Certain sounds you eventually grow accustomed to in prison--steel doors clanging shut, the jangle of guards' key rings as they saunter by, even the sound of your cellmates' urine splashing into the toilet.
Other sounds grab your attention and raise your hackles in an instinctive rush of survival adrenaline. Even the slightest difference in a normal sound can wake you out of a sound sleep or pull your attention from the numbness of boredom into full-alert.
It was just after 5:00 am on February 3, 2007. A not-quite-right noise dragged me from the depths of sleep. My eyes adjusted to the dim light in the cell and a chill swept over me. My cellmate was standing near the front of the cell in his underwear urinating on the floor of the cell. He then began wobbling back toward the bunk waving an arm searchingly back and forth as if blind.
I guided him back to the lower bunk and asked if he was okay. His only response was to lie down on his side and curl up in a fetal position.
Worried, I turned on the cell light to see him better. Fear clutched at my intestines and I swore under my breath.
There were blood stains all over his sheets and blankets. A steady trickle coming out of his nostrils ran over a thick, caked-up trail of congealed blood that led down one side of his face.
I called his name; gently at first, then with increasing volume and urgency. Still he did not respond. Springing to the cell door, I hammered on it with my fists and yelled "Man Down!" to alert guards to the medical emergency. Even though the early morning watch was still on, there were at least two guards stationed in our building which housed about a hundred inmates.
Again and again I pounded on the door and yelled "Man down!" Other concerned inmates awakened by the calls for help, added their voices to mine. I knew the guards would respond quickly as this is universally recognized as a call for emergency medical help.
Though their office was less than thirty yards away, five minutes passed as I continued to yell for help. Ten minutes. Surely, I thought, the guards could not ignore this emergency.
At least 15 minutes passed before two guards casually walked up to our cell door. Quickly I explained about Elijah's deteriorated and non-responsive condition. I showed them the bloody pedding and recounted his earlier intensive head pain and relayed my fear he was suffering from a stroke. The guards, somewhat disdainfully, said they would summon medical help.
As I cleaned up the urine I thought about my cellmate and the previous days' events. Hot spikes of anger flashed within.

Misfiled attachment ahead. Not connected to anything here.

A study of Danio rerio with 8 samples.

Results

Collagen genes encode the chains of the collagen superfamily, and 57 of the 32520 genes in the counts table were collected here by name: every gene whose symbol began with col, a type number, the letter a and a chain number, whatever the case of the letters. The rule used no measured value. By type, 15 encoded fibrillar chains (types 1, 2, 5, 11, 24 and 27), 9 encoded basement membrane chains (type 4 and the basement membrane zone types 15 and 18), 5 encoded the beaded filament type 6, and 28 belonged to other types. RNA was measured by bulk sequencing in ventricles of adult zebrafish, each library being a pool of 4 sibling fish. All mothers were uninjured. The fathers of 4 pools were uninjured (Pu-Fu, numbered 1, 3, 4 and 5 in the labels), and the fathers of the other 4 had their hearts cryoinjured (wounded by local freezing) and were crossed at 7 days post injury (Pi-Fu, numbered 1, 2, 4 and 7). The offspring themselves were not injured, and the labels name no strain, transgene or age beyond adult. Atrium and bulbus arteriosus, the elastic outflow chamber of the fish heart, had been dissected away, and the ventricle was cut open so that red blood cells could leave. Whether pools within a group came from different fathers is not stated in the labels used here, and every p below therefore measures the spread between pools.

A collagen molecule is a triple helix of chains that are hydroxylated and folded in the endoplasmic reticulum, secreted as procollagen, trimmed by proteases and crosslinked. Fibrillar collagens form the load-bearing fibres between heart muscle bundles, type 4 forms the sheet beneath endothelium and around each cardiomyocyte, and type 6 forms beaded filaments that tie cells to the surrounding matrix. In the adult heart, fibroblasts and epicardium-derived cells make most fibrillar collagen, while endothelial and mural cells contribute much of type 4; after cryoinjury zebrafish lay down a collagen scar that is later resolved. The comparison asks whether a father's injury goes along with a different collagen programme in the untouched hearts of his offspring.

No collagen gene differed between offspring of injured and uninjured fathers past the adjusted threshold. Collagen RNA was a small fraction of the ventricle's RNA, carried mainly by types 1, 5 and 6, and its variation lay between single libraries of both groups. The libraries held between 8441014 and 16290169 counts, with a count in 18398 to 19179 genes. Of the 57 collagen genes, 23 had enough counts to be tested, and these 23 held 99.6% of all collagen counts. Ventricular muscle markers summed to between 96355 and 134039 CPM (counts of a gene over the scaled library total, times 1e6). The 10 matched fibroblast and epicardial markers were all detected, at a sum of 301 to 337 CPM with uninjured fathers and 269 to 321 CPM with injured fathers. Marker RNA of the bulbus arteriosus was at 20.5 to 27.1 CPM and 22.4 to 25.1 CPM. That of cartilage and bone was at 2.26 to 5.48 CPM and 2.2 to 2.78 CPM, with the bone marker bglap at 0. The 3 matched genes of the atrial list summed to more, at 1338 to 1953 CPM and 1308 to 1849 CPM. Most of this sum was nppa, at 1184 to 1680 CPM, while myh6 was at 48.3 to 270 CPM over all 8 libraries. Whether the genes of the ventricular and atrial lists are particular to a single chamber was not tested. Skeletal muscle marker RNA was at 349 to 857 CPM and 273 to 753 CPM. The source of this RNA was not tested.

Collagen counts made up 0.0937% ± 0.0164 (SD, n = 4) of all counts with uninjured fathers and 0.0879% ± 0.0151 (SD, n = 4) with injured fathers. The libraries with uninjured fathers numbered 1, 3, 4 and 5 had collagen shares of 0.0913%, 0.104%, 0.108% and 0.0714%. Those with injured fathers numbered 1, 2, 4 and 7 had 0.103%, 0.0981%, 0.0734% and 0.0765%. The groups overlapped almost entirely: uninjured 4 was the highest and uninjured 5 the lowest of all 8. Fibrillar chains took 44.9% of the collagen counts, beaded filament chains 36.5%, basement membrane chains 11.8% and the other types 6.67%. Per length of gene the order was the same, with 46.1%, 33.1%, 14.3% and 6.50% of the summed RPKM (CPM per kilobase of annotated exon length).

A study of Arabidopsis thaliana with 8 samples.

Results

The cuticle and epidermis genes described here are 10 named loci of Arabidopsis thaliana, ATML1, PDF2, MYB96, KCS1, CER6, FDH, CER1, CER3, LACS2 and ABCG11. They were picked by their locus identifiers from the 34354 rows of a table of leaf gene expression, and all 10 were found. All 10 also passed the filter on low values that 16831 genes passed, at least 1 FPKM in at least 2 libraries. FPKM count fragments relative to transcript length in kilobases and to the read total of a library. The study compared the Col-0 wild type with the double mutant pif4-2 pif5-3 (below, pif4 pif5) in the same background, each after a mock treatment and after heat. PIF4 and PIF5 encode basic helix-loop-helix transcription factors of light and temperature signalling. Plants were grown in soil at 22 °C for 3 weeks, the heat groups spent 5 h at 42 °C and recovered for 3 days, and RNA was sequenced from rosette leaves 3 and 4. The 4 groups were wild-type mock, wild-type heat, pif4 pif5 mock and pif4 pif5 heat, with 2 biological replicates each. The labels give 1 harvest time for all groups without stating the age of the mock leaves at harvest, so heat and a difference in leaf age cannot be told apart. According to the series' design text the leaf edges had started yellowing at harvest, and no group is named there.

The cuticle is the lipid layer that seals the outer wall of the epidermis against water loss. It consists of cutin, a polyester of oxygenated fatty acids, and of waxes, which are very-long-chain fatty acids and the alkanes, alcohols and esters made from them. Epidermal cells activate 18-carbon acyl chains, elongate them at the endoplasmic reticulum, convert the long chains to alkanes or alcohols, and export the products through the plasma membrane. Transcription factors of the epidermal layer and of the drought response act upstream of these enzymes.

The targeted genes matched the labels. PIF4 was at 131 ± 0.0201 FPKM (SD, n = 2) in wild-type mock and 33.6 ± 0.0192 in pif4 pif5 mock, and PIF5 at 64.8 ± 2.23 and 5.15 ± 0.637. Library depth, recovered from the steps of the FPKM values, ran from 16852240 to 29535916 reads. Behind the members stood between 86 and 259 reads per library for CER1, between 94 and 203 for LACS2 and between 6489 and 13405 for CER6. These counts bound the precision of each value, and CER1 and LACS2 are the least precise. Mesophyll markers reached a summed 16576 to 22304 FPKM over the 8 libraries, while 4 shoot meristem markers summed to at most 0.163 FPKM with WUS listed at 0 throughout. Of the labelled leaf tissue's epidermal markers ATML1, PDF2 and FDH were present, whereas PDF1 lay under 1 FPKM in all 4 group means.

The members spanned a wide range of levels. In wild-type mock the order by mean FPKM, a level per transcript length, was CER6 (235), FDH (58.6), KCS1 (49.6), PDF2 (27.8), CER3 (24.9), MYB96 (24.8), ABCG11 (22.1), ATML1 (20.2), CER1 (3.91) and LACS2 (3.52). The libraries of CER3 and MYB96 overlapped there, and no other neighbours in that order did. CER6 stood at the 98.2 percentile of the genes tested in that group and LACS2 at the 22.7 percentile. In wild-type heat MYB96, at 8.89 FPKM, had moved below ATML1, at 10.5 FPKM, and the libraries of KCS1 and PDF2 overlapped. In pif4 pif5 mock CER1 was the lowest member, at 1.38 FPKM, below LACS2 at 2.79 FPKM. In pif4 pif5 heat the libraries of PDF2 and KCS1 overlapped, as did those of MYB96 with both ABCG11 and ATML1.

An African American in his late twenties, Elijah was a rare prisoner. Humble, considerate, and respectful of others, he was the sort of person all prisoners liked regardless of their race or creed. He was a friendly soul in an unfriendly place.
The previous day, during the noon hour in our cell, he had been suddenly stricken with a massive, debilitating headache. The pain contorted his features, squeezed involuntary gasps from his lips and literally knocked him to his knees. In growing alarm I watched him violently heave the contents of his stomach into the toilet. I summoned the guards and they escorted him to the medical clinic.
A short time later Elijah, propped up between two guards, skin ashen and looking worse than when he departed, was returned to the cell.
As he managed to tell me in between grimaces of pain what occurred in the medical clinic, I could only shake my head in disgust. The head nurse performed a cursory examination herself and pronounced he was 'faking it'. Despite Elijah's protests, she insisted he be returned to his cell, refusing to allow him to see the doctor who was a mere few feet away in the very next cubicle.
I feared for his life. Medical staff had not refilled his prescription for high-blood pressure medicine. Despite his repeated written submissions requesting a refill, it had been 3 weeks.
In the Los Angeles County Jail, I had know a robust Cuban inmate in his late thirties who had also complained of similar intense headaches that the medical staff turned away day after day. Before a week had passed he was found on morning curled in a fetal ball...dead from a burst blood vessel in his brain.
Every time the guards came by to count or to feed us, I begged them to help Elijah get medical attention. They said there was nothing they could do as it was "Medicals' 'call'".
As the minutes and hours slowly ticked away his pain became worse and he became more groggy. It was agonizing to watch him wracked with dry heaves, head hanging over the toilet. Never had I felt so helpless and frustrated to prevent another person's suffering. I could only watch as he tried to go to sleep shivering and shaking beneath four blankets. Finally, exhaustion claimed him and he slept. Perhaps an hour later, around midnight, I dozed off also.